Map of world languages

MyPaint is nearing its next stable release, v1.2.0, and that means it’s time to get the translations finalized. Today marks the start of a week-long translation effort for MyPaint, and we need your help!

Translation status

At the time of writing, the 33 languages we support are just under 50% translated. We’d like that figure to be much higher! Can we get to 55% or 60% within a week, or complete one or more of the smaller languages?

Latest figure:

How you can help

If you’re new to translating software, welcome! We’ve made it as simple as possible to help. All of the program text is available for translation on WebLate. WebLate is a collaborative online tool that presents each fragment of text in turn, and asks you to translate it. If you’re not sure, you can type in suggestions for other translators.

Click here to start translating
(and please share the link with your friends!)

You can log in with social media accounts, or your Github account if you are already a developer. The account name is recorded in the commit log, and you can add your name to the credits by adding it to the translation of the “translator-credits” marker string.

What needs translating?

MyPaint has two components which can be translated:

  • libmypaint: This is MyPaint’s dynamic brush engine. The strings for translation are all brush setings, inputs, etc. Without context, this can be somewhat hard to translate.
  • MyPaint: The main GUI for the program. Context is present for a subset of these, and the strings don’t require as much domain-specific knowledge. However, there are a lot of them.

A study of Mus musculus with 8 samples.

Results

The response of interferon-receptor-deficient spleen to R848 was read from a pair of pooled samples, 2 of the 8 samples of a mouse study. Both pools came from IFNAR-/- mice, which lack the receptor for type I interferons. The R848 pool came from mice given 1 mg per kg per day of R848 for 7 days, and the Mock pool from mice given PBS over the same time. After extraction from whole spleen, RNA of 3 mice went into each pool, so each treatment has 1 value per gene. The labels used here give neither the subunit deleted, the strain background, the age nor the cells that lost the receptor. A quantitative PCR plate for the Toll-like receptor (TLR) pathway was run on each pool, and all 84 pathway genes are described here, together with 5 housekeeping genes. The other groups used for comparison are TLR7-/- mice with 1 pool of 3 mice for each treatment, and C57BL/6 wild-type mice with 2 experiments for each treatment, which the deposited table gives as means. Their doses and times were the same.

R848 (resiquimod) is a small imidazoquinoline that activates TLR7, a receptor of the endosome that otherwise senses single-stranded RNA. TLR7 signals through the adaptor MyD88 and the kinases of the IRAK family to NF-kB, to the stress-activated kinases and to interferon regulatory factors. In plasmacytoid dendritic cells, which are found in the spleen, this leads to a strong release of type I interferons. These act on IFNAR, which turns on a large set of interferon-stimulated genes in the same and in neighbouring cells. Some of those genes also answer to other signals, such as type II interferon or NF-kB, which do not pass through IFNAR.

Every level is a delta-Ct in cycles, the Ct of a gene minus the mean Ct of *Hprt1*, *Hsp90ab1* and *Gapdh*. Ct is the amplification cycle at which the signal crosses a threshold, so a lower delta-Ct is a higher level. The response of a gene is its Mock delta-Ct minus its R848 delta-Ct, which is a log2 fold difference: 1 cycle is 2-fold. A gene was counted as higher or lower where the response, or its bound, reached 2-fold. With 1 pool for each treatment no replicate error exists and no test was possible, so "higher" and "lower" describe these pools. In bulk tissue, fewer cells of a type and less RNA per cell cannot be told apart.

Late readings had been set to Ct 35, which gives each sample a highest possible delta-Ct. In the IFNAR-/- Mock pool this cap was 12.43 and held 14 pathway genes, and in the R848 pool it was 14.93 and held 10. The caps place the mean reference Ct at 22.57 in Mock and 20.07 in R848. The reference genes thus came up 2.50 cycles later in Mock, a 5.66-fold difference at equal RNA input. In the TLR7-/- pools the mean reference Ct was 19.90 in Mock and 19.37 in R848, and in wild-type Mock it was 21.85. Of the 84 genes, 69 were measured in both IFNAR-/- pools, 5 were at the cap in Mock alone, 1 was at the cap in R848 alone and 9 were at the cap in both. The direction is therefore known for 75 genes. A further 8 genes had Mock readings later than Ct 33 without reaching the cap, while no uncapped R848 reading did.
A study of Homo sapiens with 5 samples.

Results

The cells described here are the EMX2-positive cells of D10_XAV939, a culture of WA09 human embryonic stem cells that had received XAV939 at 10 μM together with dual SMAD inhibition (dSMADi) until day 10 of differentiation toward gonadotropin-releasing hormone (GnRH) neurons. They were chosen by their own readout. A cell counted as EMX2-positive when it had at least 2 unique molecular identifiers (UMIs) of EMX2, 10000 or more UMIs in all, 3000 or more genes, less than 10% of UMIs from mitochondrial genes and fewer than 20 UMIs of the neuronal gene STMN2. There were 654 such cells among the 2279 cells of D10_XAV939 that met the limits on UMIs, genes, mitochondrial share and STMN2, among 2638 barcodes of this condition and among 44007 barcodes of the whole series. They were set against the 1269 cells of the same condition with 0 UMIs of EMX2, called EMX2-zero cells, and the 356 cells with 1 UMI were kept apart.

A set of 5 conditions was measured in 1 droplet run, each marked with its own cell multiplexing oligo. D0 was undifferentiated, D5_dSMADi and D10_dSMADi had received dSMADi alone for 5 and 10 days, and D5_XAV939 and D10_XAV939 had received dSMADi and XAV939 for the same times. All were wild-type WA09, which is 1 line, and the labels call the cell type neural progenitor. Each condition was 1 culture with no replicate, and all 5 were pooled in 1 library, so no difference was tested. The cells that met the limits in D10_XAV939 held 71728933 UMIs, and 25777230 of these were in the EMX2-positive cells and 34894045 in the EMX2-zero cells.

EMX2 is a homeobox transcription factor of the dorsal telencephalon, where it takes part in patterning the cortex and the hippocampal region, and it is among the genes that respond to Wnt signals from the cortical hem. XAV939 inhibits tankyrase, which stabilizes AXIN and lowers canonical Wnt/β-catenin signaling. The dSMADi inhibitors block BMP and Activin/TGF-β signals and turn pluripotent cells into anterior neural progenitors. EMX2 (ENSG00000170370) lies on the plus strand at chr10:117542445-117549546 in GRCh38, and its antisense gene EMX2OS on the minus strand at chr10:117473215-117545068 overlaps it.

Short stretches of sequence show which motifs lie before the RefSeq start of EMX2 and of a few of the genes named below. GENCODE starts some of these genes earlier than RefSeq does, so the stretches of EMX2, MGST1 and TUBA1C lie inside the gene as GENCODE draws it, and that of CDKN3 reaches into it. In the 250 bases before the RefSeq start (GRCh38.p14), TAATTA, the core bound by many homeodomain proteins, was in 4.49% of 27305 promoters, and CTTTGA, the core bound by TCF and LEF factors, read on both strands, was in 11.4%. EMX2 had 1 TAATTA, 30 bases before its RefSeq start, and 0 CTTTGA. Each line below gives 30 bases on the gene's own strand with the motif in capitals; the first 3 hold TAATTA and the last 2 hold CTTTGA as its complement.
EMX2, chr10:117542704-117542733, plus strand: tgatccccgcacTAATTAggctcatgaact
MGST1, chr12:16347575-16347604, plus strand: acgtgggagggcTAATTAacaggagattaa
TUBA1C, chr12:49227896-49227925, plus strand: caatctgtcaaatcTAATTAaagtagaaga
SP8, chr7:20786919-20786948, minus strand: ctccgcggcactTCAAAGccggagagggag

Translation workflow

The main translation interface looks like this:

Screengrab of the WebLate interface

  1. Source texts in the program are written in US English.
  2. The translation text box is where you write your translated text.
  3. When you’re confident the translation is correct, click on Save to move on to the next string in the current list.

The fuzzy checkbox is an indication that this translation is a guess. Sometimes this is because the tools we use have been forced to make an estimate about which ild translation is which (it happens, sorry!) Alternatively, other translators may have flagged the string as erroneous. Fuzzy strings are not presented in the user interface, so reviewing and cleaning up fuzzy translations will really help a translation present much more usefully.

One hidden feature in the WebLate UI is the Machine Translation tab. It’s pictured above, but it isn’t open by default. Machine translation can be used as a starting point, but please don’t machine-translate the entire program!

You will sometimes see formatting codes in strings that need translating. These might look like any of the following:

  • “%s”, “%r”, “%d”, etc. (python-format)
  • “{like_this}” (python-brace-format)

These need to stay in the translated text. The MyPaint program will try to replace them with other fragments of text at runtime, for example the name of a file, or a pixel size. If they are omitted, the program may crash or present the user with an error message.

If you’re an expert in MyPaint and want to help out other translators of your language who don’t know the program that well, please consider adding to its glossary. This is also a good place to write up a style guide for your language’s translation.

Even if your language is complete, you can help by sharing the link above among your colleagues and friends on social media.

Page image: by Bardion and Julien1311, GFDL/cc-by-sa-3.0.